The fact that the new law allowed wrongdoers to voluntarily disclose their foreign assets on a one-time basis and pay the requisite fines indicate that the government is not so sure that it can get the black money back to India. New stringent laws can never prove to be the only deterrent against the black economy. The reason: the culprits are always ahead of them. What is required is the implementation of the laws. Jaitley should have focussed on the latter, and not the former.
Not surprisingly, the economic criminals have already found an easy way to escape the provisions of the new law. The Ambit report quoted earlier said that several mid-level Indian businessmen have taken “tax residentship” in other countries. They will not have to pay taxes in India and, hence, need not be bothered about the income tax authorities. Others, including the big ones, have decided to do the same. High net worth white-collar professionals, who work with leading multinationals (mncs), have decided to seek transfers to other countries.
When Pranab Mukherjee, the then finance minister, announced retrospective tax in his budget speech in February 2012, Jaitley was its biggest critic. Other bjp politicians said that Mukherjee’s decision was retrograde and would scare away investors. After becoming finance minister, Jaitley continued his attack against the issue. In his second Budget in February 2015, he deferred Mukherjee’s move.
So, about 100 fiis were taken aback in April 2015, when the income tax department asked them to pay $6 billion in taxes for the past six or seven years. Jaitley defended his department. He maintained that “taxes which are payable must be paid”, and these should not be perceived as ‘tax terrorism’. He added that India was not a tax haven, and doesn’t intend to be one. Thus, fiis have to pay legitimate taxes.
The investors countered Jaitley; they withdrew money from the Indian stock markets. Indian equities witnessed huge volatility and the stock market indices yo-yoed wildly. A hassled Jaitley tried to assuage the feelings of the fiis. He set up a committee to look into the issue and submit its report within a month. In early May 2015, the income tax authorities said that they would not send any fresh notices.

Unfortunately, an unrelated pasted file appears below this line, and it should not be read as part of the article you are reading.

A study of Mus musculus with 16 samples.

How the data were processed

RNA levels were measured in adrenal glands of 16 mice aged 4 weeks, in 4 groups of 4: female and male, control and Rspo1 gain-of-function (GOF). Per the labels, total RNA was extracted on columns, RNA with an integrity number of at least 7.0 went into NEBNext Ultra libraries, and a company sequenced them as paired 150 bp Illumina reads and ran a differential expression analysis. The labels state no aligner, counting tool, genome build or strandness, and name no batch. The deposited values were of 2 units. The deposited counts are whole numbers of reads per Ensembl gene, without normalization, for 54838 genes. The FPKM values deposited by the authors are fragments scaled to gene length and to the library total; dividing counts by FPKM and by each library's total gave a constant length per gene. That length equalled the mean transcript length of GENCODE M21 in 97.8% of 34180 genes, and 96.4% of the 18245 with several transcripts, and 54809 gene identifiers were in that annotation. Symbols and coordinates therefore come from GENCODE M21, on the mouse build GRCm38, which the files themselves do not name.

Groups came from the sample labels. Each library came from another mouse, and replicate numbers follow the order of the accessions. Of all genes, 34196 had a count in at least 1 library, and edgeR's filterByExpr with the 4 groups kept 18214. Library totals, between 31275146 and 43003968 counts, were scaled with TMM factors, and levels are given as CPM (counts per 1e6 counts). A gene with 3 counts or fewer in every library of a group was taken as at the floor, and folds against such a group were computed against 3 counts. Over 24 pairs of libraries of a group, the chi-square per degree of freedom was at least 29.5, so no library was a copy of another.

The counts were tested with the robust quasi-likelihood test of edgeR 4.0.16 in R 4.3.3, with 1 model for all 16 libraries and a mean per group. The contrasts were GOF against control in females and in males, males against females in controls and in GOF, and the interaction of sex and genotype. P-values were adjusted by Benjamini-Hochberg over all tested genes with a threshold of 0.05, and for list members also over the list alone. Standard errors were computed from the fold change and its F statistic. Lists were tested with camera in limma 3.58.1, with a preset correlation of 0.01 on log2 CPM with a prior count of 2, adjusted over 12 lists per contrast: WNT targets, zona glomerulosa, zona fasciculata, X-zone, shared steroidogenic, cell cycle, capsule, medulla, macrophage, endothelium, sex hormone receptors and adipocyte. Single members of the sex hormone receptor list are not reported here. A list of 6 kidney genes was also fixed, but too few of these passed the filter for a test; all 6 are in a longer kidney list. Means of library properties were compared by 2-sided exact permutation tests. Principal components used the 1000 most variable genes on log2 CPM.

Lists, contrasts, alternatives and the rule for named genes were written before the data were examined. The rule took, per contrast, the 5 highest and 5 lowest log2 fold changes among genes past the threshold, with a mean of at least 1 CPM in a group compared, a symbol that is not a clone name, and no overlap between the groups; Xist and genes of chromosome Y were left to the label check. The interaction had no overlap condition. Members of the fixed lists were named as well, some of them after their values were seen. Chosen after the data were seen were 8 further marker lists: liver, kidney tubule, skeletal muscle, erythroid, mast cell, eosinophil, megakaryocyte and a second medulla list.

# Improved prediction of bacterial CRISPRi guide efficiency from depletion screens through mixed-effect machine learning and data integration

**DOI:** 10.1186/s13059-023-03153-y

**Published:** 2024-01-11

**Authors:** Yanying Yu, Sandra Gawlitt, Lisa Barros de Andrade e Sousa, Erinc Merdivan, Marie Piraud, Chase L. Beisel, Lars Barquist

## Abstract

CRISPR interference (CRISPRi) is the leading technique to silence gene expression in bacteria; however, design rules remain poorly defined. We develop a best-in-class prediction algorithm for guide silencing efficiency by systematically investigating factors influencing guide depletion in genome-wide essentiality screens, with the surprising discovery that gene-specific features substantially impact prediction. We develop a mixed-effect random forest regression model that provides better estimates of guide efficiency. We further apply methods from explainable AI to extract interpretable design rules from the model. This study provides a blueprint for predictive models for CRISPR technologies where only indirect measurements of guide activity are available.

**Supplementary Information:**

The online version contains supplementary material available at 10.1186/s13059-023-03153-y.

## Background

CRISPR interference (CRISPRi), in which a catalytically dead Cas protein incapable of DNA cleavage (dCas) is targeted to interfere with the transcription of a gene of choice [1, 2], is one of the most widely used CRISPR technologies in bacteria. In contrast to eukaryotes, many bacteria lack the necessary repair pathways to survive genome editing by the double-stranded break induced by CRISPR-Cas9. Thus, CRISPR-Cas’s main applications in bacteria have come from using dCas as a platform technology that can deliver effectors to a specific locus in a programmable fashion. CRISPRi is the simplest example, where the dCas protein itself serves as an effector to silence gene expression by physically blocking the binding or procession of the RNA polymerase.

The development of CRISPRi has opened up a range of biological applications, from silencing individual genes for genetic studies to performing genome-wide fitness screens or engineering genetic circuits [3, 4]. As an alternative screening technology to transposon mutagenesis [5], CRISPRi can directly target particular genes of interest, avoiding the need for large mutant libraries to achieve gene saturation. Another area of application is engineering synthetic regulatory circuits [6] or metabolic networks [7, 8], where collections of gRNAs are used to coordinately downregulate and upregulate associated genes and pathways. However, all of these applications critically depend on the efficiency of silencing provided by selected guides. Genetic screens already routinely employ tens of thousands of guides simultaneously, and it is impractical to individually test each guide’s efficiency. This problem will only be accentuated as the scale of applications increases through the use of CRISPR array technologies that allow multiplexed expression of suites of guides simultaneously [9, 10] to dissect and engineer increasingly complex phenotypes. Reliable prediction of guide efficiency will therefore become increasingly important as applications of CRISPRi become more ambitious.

A week later, the fiis got a jolt when the dispute resolution panel of the income tax department informed them that the hearings on the disputed taxes for the past few years would start. In the ongoing chaos, the damage was done; most investors felt that nda-2 was on the same page as upa-2 in terms of tax confusion.
LONG TAIL OF RETAIL
While in opposition, the BJP opposed FDI in retail. The Sangh Parivar was even against the presence of multinationals in e-retail. Over the past 12 months, NDA-2 has not reversed UPA-2’s policy to allow 51 percent in organised retail. A few weeks ago, the Department of Industrial Policy and Promotion issued a notification that said that FDI was indeed allowed in retail.
When confronted with the contradiction, Jaitley said, “Our political stand is clear on FDI in multi-brand retail. We are not in favour of that.” A day later, Commerce Minister Nirmala Sitharaman warned foreign retailers that the government would oppose their entry, even though the existing policy allowed it. She said, “FDI in multi-brand retail cannot go in direct route. Every decision has to come to the cabinet. We will not allow it. I have not cleared a single proposal yet.”
Why doesn’t the government reverse the FDI policy in retail? If it is not going to clear any proposal, why does it continue with upa-2’s policy? The answer was provided by a BJP spokesperson, “The government will not change the retail policy because it would affect the investment atmosphere as investors wanted to see continuity in policy.” This was a lame excuse in the context of Jaitley and Sitharaman’s statements.